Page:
Yesterday, I listened to a conversation on NPR that dealt with our responsibility as members of online social communities. The discussion focused on two incidents that happened on Twitter and Facebook, and since I have an account with both, I found the conversation interesting—if not a little disturbing.
Example #1-A young Englishman on Twitter mentioned that he was going to blow up his school. A Canadian follower saw the tweet, reported it immediately to the police who were able to work internationally to find the person and stop him before he carried out the act.
Example #2-A woman on Facebook stated on her status update that she was going to commit suicide. No-one that saw the statement did anything, assuming that someone else had or that it was not their responsibility to do so. The woman died at her own hand, after broadcasting her intentions to her “friends”.
What I have been considering is the reference to responsibility. We are compelled to act when our brother or a child or a neighbor cries for help yet I think that most of us don’t feel the same sense of duty toward those that we know only by status updates and 140 character tweets. But don’t we have a moral obligation to report comments like those above? One Canadian thought so, yet hundreds of facebook “friends” thought otherwise.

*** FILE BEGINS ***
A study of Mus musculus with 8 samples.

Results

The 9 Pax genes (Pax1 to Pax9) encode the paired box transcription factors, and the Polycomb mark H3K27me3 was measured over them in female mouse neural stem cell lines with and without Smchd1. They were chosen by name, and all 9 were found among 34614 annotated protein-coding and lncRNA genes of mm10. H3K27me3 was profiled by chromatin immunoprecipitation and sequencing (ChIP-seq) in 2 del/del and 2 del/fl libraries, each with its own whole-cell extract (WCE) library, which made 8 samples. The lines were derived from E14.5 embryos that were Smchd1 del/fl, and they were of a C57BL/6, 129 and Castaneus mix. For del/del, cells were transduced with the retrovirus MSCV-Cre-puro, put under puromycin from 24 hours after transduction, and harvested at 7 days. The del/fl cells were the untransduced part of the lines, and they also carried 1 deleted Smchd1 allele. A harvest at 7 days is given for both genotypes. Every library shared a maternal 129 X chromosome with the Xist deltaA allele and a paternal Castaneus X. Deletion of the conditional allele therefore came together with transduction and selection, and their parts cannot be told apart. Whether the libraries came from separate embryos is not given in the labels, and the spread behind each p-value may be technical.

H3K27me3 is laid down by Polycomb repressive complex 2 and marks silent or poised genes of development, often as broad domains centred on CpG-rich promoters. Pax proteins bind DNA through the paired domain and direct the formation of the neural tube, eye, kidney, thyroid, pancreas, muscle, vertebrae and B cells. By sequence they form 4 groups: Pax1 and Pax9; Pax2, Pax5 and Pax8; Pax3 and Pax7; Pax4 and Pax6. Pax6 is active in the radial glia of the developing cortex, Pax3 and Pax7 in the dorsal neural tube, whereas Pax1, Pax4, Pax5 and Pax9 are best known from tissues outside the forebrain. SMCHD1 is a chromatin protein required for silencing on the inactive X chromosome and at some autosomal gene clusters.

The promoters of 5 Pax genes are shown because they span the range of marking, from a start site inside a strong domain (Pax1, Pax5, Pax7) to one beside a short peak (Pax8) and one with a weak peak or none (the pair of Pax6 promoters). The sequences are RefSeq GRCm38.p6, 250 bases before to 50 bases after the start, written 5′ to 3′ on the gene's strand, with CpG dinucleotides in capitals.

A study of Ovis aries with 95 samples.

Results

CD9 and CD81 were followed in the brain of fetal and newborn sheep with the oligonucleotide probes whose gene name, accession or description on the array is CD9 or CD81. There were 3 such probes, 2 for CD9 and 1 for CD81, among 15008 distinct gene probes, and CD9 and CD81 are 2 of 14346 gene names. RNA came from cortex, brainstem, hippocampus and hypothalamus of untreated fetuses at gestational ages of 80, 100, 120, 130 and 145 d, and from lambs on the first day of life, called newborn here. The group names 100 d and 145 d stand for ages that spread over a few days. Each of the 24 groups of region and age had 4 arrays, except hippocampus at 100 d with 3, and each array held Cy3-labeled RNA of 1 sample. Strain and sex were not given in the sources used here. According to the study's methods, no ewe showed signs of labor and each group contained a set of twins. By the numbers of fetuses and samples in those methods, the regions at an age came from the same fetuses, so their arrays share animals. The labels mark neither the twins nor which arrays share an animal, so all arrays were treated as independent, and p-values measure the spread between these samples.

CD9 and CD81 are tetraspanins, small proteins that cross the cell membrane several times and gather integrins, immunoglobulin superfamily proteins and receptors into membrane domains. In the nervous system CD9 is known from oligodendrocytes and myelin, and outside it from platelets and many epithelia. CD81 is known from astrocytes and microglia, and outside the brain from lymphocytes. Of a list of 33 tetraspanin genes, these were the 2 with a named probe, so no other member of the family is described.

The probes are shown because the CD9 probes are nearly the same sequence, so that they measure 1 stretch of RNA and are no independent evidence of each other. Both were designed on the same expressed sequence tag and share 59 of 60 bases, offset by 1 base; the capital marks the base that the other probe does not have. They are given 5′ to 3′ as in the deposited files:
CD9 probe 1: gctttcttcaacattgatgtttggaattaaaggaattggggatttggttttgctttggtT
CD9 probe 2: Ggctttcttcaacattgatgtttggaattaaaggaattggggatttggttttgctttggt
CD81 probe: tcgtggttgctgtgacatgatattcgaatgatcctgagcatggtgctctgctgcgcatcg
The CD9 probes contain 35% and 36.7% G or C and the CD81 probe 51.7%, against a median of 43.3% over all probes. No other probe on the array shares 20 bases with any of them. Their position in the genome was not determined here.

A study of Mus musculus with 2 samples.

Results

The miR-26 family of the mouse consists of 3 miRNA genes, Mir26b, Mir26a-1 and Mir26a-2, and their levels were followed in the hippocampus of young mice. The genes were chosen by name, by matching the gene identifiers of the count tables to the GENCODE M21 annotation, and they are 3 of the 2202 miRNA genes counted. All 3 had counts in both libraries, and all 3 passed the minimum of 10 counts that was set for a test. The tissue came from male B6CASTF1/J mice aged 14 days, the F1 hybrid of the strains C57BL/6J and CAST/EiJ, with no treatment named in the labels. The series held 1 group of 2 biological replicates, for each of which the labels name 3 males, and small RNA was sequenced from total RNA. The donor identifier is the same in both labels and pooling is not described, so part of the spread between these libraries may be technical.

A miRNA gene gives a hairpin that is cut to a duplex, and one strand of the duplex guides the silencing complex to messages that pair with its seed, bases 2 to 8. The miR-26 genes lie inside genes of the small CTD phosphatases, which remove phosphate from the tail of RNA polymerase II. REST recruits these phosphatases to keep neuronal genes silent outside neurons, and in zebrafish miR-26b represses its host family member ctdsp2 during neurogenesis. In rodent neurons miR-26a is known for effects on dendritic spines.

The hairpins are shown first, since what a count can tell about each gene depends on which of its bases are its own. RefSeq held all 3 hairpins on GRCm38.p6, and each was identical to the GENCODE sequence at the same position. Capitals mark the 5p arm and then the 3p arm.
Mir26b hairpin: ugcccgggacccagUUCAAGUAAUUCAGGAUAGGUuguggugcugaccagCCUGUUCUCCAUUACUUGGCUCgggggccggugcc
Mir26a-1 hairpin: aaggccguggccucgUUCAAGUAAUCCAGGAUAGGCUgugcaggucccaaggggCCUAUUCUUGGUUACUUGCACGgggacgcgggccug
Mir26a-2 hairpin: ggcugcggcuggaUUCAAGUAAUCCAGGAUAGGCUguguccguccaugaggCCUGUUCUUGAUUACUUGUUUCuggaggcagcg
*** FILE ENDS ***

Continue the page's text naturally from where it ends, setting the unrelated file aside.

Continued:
Social networking has given us the ability to connect with people all over the world. We have the opportunity to experience things through their eyes in ways we never dreamed possible. We are exposed to ideas that transcend borders. We learn about other cultures in ways that a textbook can’t teach us. We see differences, but we also recognize our similarities. We make friends.
These are just a few of the benefits of our global social networks. But as we continue to grow them, I think it’s time we think about what our responsibilities are toward each other: not as brothers or parents or neighbors, but as human beings.
A cry for help can now be heard around the world. Shouldn’t we be listening?